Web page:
When it comes to creating a Great Goodbye, the only music that’s inappropriate are sounds that have nothing to do with the life of the one we’re remembering, or the people saying farewell. The songs and sounds we have loved say something about us – the era we lived in, what stirred and moved us, what brought us joy. Music can transport us and is one of the easiest and most profound ways to personalise a funeral or memorial.
If there’s time, this might be something to talk with someone about before death occurs. You might be surprised to find your loved one has a deeply personal attachment to a particular piece of music. No, these topics aren’t easy to broach, but you could find that a chat about their song might open up the chance to talk about a raft of important things.
Anything goes when it comes to music. You’ll want to consider certain pieces for specific moments of the service. Think about what to play as the casket arrives, and then again when it leaves. You’ll want several pieces while the photo and video montage is on the screen. You might want to mix recorded songs with something live. A solo guitar or a live band. Maybe gospel singers or the school choir could perform. You could play brassy classics in a garden setting or bring on the bagpipes (and a bottle of scotch).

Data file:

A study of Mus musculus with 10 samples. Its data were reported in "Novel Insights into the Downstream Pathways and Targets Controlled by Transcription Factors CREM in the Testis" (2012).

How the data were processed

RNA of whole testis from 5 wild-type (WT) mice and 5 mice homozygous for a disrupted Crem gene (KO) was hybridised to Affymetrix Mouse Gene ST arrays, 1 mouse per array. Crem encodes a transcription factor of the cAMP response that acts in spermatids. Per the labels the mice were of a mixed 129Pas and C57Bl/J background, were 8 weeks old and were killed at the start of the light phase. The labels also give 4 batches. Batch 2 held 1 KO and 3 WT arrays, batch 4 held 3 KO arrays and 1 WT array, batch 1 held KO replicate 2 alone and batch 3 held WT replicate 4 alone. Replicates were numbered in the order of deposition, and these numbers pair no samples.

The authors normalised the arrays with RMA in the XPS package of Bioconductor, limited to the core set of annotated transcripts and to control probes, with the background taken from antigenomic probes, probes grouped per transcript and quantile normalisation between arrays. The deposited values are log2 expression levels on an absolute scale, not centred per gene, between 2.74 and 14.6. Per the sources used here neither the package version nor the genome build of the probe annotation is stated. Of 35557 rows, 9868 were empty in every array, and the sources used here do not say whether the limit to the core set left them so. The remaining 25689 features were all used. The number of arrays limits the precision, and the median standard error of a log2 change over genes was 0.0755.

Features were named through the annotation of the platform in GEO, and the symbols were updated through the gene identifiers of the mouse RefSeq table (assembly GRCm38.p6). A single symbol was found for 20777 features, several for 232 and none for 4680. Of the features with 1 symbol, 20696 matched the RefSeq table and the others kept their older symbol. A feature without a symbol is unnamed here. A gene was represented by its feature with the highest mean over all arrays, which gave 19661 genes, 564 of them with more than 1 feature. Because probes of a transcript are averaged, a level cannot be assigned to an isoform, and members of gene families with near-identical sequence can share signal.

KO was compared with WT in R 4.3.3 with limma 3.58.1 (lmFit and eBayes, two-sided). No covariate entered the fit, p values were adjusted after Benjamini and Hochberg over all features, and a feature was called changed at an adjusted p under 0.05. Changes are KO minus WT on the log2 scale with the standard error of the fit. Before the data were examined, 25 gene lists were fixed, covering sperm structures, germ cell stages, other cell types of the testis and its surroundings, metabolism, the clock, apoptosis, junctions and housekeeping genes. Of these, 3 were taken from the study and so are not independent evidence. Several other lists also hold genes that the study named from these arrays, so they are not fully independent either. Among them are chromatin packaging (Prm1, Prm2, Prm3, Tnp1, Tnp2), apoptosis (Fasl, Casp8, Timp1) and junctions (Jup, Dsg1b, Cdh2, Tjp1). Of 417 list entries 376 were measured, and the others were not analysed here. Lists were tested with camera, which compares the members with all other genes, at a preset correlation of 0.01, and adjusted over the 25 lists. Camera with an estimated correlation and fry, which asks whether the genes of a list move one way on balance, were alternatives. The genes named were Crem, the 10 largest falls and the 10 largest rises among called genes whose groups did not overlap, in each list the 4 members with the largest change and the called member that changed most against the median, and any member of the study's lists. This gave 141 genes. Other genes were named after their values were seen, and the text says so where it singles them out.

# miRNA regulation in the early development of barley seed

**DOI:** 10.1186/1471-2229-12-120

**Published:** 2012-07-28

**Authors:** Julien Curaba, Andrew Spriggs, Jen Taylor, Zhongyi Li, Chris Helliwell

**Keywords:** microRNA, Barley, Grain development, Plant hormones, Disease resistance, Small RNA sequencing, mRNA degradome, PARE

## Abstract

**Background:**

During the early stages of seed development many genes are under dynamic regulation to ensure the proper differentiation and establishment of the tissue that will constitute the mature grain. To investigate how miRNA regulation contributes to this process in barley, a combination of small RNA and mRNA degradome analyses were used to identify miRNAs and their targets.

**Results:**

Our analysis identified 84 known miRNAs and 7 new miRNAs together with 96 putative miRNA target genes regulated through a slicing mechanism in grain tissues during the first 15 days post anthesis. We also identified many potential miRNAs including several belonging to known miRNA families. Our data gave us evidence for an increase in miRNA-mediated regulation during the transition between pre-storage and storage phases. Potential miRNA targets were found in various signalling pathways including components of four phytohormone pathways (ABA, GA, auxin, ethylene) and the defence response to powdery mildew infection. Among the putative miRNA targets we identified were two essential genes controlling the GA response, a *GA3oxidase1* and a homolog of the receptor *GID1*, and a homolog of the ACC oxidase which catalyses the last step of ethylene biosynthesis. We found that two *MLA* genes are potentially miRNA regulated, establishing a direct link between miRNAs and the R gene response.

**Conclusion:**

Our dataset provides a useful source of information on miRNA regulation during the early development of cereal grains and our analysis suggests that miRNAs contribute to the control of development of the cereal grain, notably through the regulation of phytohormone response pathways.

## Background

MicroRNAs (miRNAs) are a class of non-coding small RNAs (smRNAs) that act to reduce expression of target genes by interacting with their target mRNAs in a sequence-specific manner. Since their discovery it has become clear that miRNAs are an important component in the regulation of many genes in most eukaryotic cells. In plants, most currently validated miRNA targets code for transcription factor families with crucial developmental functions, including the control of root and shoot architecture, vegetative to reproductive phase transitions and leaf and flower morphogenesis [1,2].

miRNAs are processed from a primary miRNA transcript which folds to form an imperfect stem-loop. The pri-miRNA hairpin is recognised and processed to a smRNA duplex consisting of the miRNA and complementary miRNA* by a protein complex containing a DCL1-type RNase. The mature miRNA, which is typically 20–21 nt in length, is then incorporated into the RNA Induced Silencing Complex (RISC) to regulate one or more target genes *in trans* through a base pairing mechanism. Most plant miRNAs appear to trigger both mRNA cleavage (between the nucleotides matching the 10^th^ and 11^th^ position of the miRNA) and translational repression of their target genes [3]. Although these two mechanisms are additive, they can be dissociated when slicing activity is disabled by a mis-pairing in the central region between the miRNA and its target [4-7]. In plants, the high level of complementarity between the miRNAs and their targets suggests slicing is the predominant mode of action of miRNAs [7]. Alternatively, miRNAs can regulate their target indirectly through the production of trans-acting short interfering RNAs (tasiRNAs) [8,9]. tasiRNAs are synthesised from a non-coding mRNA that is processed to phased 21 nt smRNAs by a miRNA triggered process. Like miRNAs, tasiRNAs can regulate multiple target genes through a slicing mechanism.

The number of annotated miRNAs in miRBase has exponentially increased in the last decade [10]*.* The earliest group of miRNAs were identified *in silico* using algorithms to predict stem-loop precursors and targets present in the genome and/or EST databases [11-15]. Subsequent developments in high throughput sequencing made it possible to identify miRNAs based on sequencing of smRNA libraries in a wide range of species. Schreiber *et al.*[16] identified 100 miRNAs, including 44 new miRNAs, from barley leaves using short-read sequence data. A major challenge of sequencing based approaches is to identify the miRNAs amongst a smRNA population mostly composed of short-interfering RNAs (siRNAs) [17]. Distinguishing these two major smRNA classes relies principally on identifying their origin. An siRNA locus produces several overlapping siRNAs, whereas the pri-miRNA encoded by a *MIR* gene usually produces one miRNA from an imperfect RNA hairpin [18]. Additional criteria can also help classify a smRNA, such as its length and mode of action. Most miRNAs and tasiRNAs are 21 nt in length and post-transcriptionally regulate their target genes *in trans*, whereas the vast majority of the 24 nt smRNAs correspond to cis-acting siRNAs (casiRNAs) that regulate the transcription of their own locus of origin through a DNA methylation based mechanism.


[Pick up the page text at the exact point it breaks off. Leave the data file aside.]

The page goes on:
In spite of the sadness and grief, don’t underestimate the ability of people to step up and perform live at the service. For many the chance for this final gift and tribute means a huge amount, much like the honour others feel being asked to give a eulogy or lead the funeral itself. You’ll find these are some of the most profound and moving Great Goodbye moments.
If you’re hosting a wake afterwards this is a great opportunity to use music to help people connect and remember. Someone might anchor a story with the soundtrack of a favourite band or live concert they shared with the deceased. And if you’d like the Great Goodbye to really have music as it’s a touchstone, print off song sheets of favourite tunes and sing your hearts out.